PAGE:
Thomas Paine was an influential writer during the American Revolution. In this lesson, we'll explore the content and style of two of his most famous pamphlets and how they helped shape American history.
Thomas Paine wasn't supposed to amount to much. Born in England in 1737, he failed out of school by the time he was twelve. He worked as an apprentice for his father, a corset-maker, but failed at that too. He became a sailor and failed. So he became a tax officer and failed.
No one thought Thomas Paine would amount to much, but in 1774, he met Benjamin Franklin, who helped Paine immigrate to America. There, Paine's life took a dramatic turn when he began to write pamphlets encouraging Americans to fight for their independence against England. His pamphlets became so popular that a larger percentage of the population read them than now watch the Super Bowl! Let's take a closer look at two of Paine's most popular and influential pamphlets, Common Sense and The American Crisis.
Common Sense was published anonymously in January 1776 and gained immediate popularity. It was a call-to-arms for the American Revolution in which Paine encourages Americans to go to war to gain their independence. At the time, the question of American independence from the British was still an undecided issue. Common Sense swayed public opinion widely in favor of independence and helped to spark the revolution.
The pamphlet is divided into four sections. The first section explains why government is necessary, and that the ideal government is either run directly by the people or indirectly via elections. He then criticizes the English monarchy and aristocracy for ruling without representing the people.
The second section focuses in more closely on the concept of monarchy, and the English monarchy specifically. Paine opens this section by making a Biblical case against monarchy. He points out, for example, that all men are created equal in the eyes of God, and that the distinction between the monarchy and commoners is a false one. He then goes on to point out all of the problems that the British monarchy has brought to that country.
In the third section, Paine lays out his proposal for a new American government. In it, each colony would send representatives to a congress that would first draft a new charter for America, and then, eventually, run the country by electing a president and making and enforcing the laws of the land.
Paine proposed the formation of a new government in the pamphlet Common Sense.
The final section promotes the idea of an American military and how powerful Paine believed it could be. This supported the idea that America should insist on revolution, even at the cost of war. For Paine believed that America could quickly raise a military to rival England's and ensure their victory in the Revolutionary War.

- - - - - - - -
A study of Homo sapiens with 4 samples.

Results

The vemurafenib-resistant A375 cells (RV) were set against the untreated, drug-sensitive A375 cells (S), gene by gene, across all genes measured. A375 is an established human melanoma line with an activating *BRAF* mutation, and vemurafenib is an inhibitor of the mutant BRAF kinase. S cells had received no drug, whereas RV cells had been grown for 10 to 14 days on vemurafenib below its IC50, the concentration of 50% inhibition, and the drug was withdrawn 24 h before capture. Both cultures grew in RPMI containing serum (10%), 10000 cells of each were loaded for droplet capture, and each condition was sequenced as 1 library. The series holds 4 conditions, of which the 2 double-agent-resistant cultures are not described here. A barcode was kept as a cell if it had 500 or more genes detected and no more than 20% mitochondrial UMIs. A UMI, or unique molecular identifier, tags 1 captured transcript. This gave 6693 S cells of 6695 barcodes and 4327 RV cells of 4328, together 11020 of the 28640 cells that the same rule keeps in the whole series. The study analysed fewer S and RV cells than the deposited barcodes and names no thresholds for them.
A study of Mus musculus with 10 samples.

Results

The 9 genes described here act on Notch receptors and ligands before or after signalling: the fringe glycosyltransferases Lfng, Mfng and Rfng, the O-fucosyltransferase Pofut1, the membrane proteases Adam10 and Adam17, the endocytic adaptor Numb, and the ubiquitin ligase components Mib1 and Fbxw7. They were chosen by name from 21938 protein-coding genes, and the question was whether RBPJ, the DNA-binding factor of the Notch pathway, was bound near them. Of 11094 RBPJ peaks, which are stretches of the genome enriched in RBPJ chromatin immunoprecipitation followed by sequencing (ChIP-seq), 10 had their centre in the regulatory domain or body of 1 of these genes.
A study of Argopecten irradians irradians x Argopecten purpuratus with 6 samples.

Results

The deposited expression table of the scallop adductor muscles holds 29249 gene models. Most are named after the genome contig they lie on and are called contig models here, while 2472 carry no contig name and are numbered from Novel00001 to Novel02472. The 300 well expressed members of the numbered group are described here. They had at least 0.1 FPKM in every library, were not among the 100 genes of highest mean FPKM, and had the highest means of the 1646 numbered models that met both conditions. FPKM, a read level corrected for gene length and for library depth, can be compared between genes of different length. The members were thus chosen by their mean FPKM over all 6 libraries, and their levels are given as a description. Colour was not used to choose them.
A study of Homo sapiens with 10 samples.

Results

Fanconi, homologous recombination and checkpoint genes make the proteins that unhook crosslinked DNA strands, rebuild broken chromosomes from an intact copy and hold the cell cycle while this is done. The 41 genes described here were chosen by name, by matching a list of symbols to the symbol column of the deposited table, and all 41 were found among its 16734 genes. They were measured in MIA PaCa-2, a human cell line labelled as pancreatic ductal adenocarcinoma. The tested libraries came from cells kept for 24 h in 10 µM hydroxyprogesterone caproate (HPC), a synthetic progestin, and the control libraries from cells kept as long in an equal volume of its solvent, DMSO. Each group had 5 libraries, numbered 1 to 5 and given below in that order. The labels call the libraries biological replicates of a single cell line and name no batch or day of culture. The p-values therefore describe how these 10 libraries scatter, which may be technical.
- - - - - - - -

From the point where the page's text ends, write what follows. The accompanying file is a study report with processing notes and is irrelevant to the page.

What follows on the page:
Paine wrote in a simple and straightforward style in Common Sense, and the results were astounding. Instead of writing for the educated elite, he reached out to the common man and made government and revolution accessible to even the least-educated of America. Even people who could not read were able to hear Common Sense read aloud at public gatherings. As a result, more people than ever became passionate about revolution.
The American Crisis
But, once Americans were invested in the idea of revolution, what was the next step? Paine followed Common Sense with a series of other pamphlets published during the American Revolution, between 1777 and 1783. During this time, Paine traveled with the Continental Army, but wasn't very good as a soldier. However, his pamphlets inspired both the army and the common people of America during the war.
In total, Paine published sixteen pamphlets that collectively are known as The American Crisis. Like Common Sense, Paine did not publish The American Crisis under his own name, instead opting for the pseudonym, Common Sense, which linked these pamphlets to his earlier popular pamphlet.
The first sentence in the first pamphlet in The American Crisis is one of the most famous lines written by Paine, 'These are the times that try men's souls.' He goes on to say that fair-weather revolutionaries might take away their support now that the war had begun and was bloody, but that true patriots would continue to fight for their cause and their country, and would be celebrated and thanked by all Americans.
Paine's take on what he called 'the summer soldier and the sunshine patriot' was a smart way to start the pamphlet. As the Revolutionary War became a reality, many Americans despaired at how they were outnumbered by the British. It would have been easy for any of them to give up and quit, but Paine wanted to convince them, and the rest of the colonists, to continue to fight, to not give up and to prevail.
Thomas Paine believed the war could be won if the colonists did not give up.
Once again, Paine's style was simple, and his pamphlets were meant for the average American. They became popular amongst soldiers and civilians alike, and helped to inspire a nation to keep fighting the war, despite the force of the British military. Paine argues that God is on the side of America and that with the proper application of force, the American military could find victory over the British. Eventually, they did.
Thomas Paine was a famous writer during the American Revolution. His pamphlet Common Sense was written for average Americans and helped spark the Revolutionary War. When the war was underway, he wrote a series of sixteen pamphlets collectively known as The American Crisis, which encouraged Americans to keep fighting for their freedom from England.
After watching this lesson, you should be prepared to identify Thomas Paine as well as summarize the content and style of his pamphlets, Common Sense and The American Crisis.